Virgin Australia founder Sir Richard Branson on Wednesday visited the airfield that was home to the legendary Antonov AN-225 destroyed by Russia.
The six-engine behemoth — dubbed ‘Mriya’, or ‘Dream’ in Ukrainian — was the world’s largest cargo plane and a favourite of enthusiasts worldwide. When it first arrived in Australia in May 2016, Perth erected a dedicated viewing area for spotters to see it.
“Following an invitation from Ukrainian President Volodymyr Zelensky, I travelled to Kyiv today to meet with the President, Foreign Minister Dmytro Kuleba, and a group of Ukrainian business leaders,” wrote Sir Richard in a blog post.
“I also visited some of the sites of Russian attacks during the now more than 130 days since Putin’s appalling invasion began.
“My main purpose in going to Kyiv was to meet and listen to Ukrainians, to understand their fears and concerns and also to learn what business, in partnership with civil society and governments, can do to support Ukraine most effectively.
“My first site visit took me to a residential area hit by a Russian missile strike just a few days ago. Looking at the ruins of a burnt-out kindergarten, far away from any kind of target of strategic relevance, it is clear these kinds of attacks are not unintended and arbitrary. They are part of a deliberate strategy to spread fear and terror among Ukraine’s civilian population. I hope the Russian perpetrators of these shocking acts will be held to account.
“A little later, I visited Gostomel Airport, just a short drive north of Kyiv’s centre. The scene of intense fighting in the early days of the invasion, this airfield was home to the famed Antonov AN-225, the world’s largest transport plane and the pride of Ukrainian aviation.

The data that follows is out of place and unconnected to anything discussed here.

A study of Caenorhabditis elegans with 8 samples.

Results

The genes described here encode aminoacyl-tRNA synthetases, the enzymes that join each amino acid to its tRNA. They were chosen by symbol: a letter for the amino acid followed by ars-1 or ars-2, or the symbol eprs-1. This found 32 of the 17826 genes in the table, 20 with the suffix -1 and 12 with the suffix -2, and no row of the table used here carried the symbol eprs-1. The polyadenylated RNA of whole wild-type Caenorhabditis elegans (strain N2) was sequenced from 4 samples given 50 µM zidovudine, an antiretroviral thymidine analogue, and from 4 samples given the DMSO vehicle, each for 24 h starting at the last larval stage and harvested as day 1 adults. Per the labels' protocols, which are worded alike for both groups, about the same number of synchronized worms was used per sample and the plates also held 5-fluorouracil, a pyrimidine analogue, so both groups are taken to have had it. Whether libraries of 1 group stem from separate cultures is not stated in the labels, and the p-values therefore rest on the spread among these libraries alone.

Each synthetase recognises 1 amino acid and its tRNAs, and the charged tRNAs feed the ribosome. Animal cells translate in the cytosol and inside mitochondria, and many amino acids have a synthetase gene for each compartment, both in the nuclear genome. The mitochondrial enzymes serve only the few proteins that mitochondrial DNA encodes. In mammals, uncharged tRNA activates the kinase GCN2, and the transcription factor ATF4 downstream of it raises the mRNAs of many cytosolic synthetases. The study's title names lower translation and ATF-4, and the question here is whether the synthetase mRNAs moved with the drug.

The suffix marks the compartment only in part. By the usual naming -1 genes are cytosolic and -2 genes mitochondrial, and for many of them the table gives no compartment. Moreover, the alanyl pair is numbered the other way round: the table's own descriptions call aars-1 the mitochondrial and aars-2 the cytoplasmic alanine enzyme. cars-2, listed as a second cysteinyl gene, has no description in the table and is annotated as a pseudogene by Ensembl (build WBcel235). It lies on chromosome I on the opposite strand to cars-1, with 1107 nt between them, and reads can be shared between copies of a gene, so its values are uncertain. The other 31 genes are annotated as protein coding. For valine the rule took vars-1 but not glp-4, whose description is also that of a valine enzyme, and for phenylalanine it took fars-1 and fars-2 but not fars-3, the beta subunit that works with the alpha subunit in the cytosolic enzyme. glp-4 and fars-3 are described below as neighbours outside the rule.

“Affectionately nicknamed Mriya (Dream), this magnificent six-engine aircraft was destroyed in the battle for control of the airport, and all that remains is a burned-out wreck. But there were people hard at work trying to salvage it — they have already decided to rebuild.
“I hope that Mriya’s legacy will endure, and that the international community will find ways to help Ukraine rebuild not only this airfield, but bring Ukraine’s aerospace industry back to life.”
You can read the full post here.
While there are no detailed reports of exactly what happened to AN-225 as of yet, the Ukrainian defence ministry said at the time “it will be restored” at the expense of Russian authorities.
The defence ministry said it would cost over US$3 billion, and the project would take over five years.
“Russia has hit the Mriya as a symbol of Ukraine’s aviation capabilities … which holds records for transportation of biggest commercial cargo and longest and heaviest in the history of aviation monoloading, lifting capacity,” the statement said.
“Our task is to ensure that these costs are covered by the Russian Federation, which has caused intentional damage to Ukraine’s aviation and the air cargo sector.”
The jumbo aircraft was powered with six Ivchenko Progress D-18T turbofan engines and weighed about 285 tonnes when empty.
At the time of its debut in 1988, the AN-225 was 50 per cent larger than any other jet in the world and then remained the biggest cargo aircraft in operation.
From 1988 to 1991, it was primarily operated as the transporter for Buran-class orbiters for the Soviet space program.
Then, when obtained by Antonov Airlines, it became the workhorse for transporting extremely large cargo and was also an asset in rapidly providing supplies for disaster relief programs.
Production of a second AN-225 commenced in the late 1980s, but it was never completed.
Australian Aviation previously reported how Sir Richard admitted he thought his business empire would come “crashing down” during COVID.
In his first major interview since the pandemic, Branson told the UK’s Daily Telegraph that he questioned his whole career as his conglomerate of companies struggled.
“We were in the cruise business. In the airline business. In the fitness clubs business. In the hotels business,” he said.
“I thought I’d been quite smart and diversifying everything. But I had to sell 85 per cent of my shares in Virgin Galactic to keep everything on track.”